Jonathan celebrates 50 years of animal welfare campaigning

Jonathan joined the International Fund for Animal Welfare (IFAW) at Westminster this week to celebrate 50 years of successful campaigning to protect wildlife in the UK and around the globe.

 

IFAW was founded in 1969 after a group of concerned individuals first witnessed newborn seal pups being slaughtered on the ice floes off Canada’s East Coast. This work was expanded to cover new species and regions and today the organisation works across seas, oceans and in more than 40 countries, rescuing more animals and securing more habitats than ever before.

 

Jonathan joined IFAW at Parliament this week to celebrate some of the many animal welfare victories in the UK in recent years, from the passing of the ivory ban to protect elephants last December to last month’s passing of ‘Finn’s Law’ to better protect service animals from attack.

 

Jonathan said: “I am very pleased to support IFAW’s work to rescue and protect vulnerable animals around the world. With many species at a tipping point due to human exploitation, it is vital that we all play a part in protecting them for future generations.”

 

David Cowdrey, UK Head of Policy and Campaigns at IFAW, said: “IFAW is very grateful to Jonathan Lord for his support for our work to help animals and people thrive in the place we call home. Huge public and political support helped bring about the vital UK ivory ban which will become one of the strongest ivory bans in the world.”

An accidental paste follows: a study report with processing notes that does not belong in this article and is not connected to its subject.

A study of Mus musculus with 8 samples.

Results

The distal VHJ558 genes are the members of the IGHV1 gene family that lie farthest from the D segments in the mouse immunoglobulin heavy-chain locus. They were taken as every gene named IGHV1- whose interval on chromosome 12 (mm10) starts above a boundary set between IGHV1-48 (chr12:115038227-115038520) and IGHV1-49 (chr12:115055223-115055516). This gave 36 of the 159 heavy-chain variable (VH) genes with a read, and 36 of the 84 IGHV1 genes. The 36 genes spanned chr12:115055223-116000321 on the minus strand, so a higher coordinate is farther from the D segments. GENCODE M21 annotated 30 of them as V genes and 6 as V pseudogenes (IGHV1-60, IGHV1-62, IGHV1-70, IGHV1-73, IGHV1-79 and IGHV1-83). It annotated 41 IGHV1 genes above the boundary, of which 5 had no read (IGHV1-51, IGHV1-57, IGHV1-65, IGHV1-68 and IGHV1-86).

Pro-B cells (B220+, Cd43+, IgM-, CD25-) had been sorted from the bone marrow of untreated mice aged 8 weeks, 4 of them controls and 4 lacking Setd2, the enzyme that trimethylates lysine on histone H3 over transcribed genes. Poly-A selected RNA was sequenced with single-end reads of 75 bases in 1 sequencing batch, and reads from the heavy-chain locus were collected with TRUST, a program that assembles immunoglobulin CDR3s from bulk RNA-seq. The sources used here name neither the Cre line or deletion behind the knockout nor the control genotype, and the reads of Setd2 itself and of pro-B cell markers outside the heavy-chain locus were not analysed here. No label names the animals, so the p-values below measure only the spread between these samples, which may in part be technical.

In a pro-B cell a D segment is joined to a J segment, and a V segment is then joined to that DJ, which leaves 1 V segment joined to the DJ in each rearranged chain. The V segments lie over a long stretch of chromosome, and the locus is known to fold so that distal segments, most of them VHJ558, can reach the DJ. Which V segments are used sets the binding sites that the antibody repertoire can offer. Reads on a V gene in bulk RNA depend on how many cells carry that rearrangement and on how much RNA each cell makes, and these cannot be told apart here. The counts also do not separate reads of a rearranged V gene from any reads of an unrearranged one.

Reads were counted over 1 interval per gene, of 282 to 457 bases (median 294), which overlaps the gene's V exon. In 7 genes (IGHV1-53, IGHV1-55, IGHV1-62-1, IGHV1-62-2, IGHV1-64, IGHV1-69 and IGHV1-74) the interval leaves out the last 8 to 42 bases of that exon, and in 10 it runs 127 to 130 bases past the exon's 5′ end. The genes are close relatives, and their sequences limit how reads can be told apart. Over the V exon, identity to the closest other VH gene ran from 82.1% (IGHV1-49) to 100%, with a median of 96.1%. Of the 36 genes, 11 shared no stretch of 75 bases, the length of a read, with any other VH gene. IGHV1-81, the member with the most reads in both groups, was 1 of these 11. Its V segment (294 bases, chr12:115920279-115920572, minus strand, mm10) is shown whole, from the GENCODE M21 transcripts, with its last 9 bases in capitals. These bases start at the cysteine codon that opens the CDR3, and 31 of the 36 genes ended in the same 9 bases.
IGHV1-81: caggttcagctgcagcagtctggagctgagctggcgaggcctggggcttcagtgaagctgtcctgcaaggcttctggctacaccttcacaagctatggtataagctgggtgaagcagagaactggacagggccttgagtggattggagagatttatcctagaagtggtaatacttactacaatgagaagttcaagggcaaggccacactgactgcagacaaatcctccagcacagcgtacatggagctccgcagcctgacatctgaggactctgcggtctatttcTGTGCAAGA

IFAW is now calling for the ivory ban to be extended to cover hippo ivory, to better protect hippos from the threat of poaching for their teeth. Globally, IFAW works to end the illegal wildlife trade, to stop commercial whaling and reduce other human-made threats to marine mammals, as well as rescuing, rehabilitating and releasing orphaned or injured animals in need.

 

Azzedine Downes, President and CEO of IFAW, said: “Humans make up less than one percent of all life on Earth, but we have destroyed 83 percent of all wild animals and half of plants on the planet. Still, we’re hopeful. Every species and every habitat has the ability to bounce back, and every person, everywhere has the chance to act. The future depends on what we do now.

 

“This work takes all of us. By rescuing, rehabilitating and releasing animals, one by one – by protecting their habitats and helping them flourish – we can save other species. And our own.”